Sydney, 12 October 2010 – JRS questioned the construction of regional processing centres for refugees as the sole answer to the rising number of asylum seekers coming to the Asia Pacific region.
Prime Minister Julia Gillard announced plans for building a processing centre, possibly in the nearby nation of Timor Leste. The plans were announced prior to the elections in August, and partly as a response to this rising number of asylum seekers arriving to Australia by boat, pushing several migration detention centres beyond capacity. This week, Australia’s Minister for Immigration, Chris Bowen, visited Timor Leste to begin discussing requirements for building such a centre.
But, according to JRS Australia Director, Sacha Bermudez-Goldman SJ, a regional processing centre will not solve this immediate capacity problem. It would take months if not over a year or more to build such a facility.
While accepting that there is a need to find mechanisms to ensure that asylum seekers are able to receive international protection, Fr Bermudez-Goldman questioned the selection of Timor Leste, a small recently independent state with its internal issues and problems.
If the purpose of a processing centre is to find the most equitable way to receive and determine the claims of asylum seekers in the region, it would seem that Australia would be a better candidate.
“Surely Australia with many more resources would be better placed than Timor Leste to process asylum claims for the region”, said Fr Goldman.
“While in principle processing centres are needed for immediate health, identity and security checks, there are a number of unknowns. What happens, for example to those whose cases for refugee status are rejected? Will Timor Leste be responsible for returning them to their countries of origin? Will they have the right to appeal their cases? Will these cases be heard by Australian judges, and who will provide legal representation?”, continued Fr Goldman.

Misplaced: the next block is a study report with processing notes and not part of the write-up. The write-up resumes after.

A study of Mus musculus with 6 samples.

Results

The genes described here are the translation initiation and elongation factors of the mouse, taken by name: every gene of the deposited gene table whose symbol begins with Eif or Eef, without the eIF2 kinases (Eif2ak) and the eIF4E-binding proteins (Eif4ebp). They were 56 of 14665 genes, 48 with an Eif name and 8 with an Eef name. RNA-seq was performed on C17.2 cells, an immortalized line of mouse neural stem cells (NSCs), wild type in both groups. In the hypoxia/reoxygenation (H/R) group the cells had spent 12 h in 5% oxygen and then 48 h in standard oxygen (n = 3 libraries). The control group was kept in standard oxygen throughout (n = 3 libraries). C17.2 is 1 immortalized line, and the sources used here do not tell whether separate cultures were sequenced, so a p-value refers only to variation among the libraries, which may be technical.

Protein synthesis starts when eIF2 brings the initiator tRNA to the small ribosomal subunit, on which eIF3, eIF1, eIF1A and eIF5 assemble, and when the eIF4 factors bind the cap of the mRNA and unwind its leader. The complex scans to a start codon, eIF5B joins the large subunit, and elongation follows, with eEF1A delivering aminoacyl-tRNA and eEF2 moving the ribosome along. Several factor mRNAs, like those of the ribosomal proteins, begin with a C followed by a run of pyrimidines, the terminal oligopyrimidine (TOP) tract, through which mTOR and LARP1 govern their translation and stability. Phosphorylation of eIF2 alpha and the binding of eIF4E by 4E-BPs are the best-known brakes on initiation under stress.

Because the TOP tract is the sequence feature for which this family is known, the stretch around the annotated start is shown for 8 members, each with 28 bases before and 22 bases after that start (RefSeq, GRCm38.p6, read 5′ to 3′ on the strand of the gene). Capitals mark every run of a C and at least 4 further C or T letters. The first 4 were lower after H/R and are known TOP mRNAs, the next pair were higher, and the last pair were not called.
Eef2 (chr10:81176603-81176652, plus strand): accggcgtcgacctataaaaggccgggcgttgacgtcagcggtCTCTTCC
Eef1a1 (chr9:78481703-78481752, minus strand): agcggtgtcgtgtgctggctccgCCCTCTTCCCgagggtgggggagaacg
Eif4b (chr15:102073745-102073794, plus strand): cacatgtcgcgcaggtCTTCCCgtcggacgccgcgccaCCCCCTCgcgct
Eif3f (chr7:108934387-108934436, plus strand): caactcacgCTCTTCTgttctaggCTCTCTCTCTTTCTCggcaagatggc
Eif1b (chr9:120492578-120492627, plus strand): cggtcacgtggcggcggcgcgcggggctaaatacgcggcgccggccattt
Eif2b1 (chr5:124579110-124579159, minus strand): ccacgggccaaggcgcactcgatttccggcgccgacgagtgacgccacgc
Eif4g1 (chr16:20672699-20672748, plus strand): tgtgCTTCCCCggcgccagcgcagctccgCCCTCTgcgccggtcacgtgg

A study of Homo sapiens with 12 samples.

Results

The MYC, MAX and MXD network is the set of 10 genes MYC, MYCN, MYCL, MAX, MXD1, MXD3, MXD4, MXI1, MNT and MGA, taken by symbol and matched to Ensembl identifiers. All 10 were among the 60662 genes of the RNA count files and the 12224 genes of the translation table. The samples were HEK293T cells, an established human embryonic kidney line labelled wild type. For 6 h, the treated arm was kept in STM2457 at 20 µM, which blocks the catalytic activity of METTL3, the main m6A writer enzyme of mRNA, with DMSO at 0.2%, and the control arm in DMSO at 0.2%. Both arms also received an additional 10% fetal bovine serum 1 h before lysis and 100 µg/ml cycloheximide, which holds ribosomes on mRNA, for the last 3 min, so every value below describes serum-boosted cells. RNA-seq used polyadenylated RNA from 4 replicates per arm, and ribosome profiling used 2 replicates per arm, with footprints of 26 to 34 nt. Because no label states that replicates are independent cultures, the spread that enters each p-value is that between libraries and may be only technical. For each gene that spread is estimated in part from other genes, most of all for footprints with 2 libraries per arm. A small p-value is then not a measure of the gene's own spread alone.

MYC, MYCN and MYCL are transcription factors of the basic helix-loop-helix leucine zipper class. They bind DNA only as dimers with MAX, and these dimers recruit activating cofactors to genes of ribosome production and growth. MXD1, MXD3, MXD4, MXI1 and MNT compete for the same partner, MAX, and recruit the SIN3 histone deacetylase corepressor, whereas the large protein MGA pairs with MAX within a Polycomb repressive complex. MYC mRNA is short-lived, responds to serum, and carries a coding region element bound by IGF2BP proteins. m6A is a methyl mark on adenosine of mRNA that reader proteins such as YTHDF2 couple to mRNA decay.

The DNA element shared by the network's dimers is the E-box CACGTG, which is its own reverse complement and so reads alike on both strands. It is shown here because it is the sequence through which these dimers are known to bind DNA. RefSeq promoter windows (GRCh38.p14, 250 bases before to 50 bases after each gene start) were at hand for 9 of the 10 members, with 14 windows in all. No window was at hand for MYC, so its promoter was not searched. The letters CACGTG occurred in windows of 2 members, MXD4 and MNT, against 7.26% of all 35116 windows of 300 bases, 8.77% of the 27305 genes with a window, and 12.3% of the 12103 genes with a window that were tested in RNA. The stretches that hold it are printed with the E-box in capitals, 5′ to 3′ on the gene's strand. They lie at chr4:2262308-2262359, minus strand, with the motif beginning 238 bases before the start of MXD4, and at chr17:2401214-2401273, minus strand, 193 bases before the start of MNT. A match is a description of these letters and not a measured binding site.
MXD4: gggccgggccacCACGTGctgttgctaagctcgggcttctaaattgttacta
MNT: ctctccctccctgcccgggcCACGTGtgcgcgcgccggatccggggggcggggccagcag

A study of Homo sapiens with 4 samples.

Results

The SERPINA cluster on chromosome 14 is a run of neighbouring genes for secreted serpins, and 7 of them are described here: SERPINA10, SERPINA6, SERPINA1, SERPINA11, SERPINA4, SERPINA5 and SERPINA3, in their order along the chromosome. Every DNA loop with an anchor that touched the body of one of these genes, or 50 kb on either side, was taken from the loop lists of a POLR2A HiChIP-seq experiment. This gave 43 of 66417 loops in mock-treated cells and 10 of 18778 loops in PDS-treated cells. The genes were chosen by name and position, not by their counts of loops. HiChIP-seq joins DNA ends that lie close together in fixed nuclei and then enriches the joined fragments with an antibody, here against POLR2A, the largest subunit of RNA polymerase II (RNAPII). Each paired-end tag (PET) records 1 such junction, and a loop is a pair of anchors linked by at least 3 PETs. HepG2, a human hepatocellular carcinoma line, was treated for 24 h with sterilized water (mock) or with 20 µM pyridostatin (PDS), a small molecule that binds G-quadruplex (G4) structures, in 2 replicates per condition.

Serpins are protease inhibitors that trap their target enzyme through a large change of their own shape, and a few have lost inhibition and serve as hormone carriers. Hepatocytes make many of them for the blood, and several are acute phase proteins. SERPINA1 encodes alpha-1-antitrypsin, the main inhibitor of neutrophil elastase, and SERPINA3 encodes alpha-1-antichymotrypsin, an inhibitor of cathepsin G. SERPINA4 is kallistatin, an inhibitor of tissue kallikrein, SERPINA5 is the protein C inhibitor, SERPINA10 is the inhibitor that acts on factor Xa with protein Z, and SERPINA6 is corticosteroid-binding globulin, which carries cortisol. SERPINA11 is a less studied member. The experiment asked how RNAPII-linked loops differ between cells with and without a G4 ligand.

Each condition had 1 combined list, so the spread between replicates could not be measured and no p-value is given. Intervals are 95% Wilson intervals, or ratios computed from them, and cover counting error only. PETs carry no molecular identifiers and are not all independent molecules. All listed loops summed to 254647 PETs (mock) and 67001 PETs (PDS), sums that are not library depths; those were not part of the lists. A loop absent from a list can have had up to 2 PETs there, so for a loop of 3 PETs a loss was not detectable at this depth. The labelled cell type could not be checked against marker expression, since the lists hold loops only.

Moreover, Fr Goldman expressed concern that such a processing centre could become a de facto detention centre, as is the case of the centre at Christmas Island. In such a situation, people can be kept in detention for indefinite periods of time; there are people who now have been on Christmas Island for 14 months or over.
JRS, in cooperation with many other asylum seeker and refugee advocacy groups, continues to call for an end to this practice of long periods of indefinite detention for so many people, including families with small children and unaccompanied minors.
The immediate difficulty facing the Australian government is the overcrowding of the country’s detention centres; Christmas Island has been over capacity for a long time now: four more boats arrived in the past week bringing the total number to close to 2,700 detainees.
The main detention centre was originally built for 400 and has been modified several times to include additional accommodation. Back in April, some of the detainees began to be moved to detention centres on the mainland, but these too are coming close to capacity now. The government is under a lot of pressure to find alternative sites for accommodation.
“There is no simple or quick solution to this issue, but as long as we continue to identify people who arrive in Australia by boat as a problem, not as people who have a problem, and try to exclude them from coming to our shores, it is difficult for us to talk about cooperating with a regional protection framework. In reality, what we are doing is looking after our own self interests”, added Fr Goldman.
“Attitude is a powerful force in determining and guiding our motivations. Our attitude towards asylum seekers and their plight needs to change from an approach that asks ‘what is this (welcoming asylum seekers) going to cost us/how is this going to affect us’ to an approach that emphasises that ‘these are human beings, our brothers and sisters, who need our compassion and care'”, Fr Goldman said.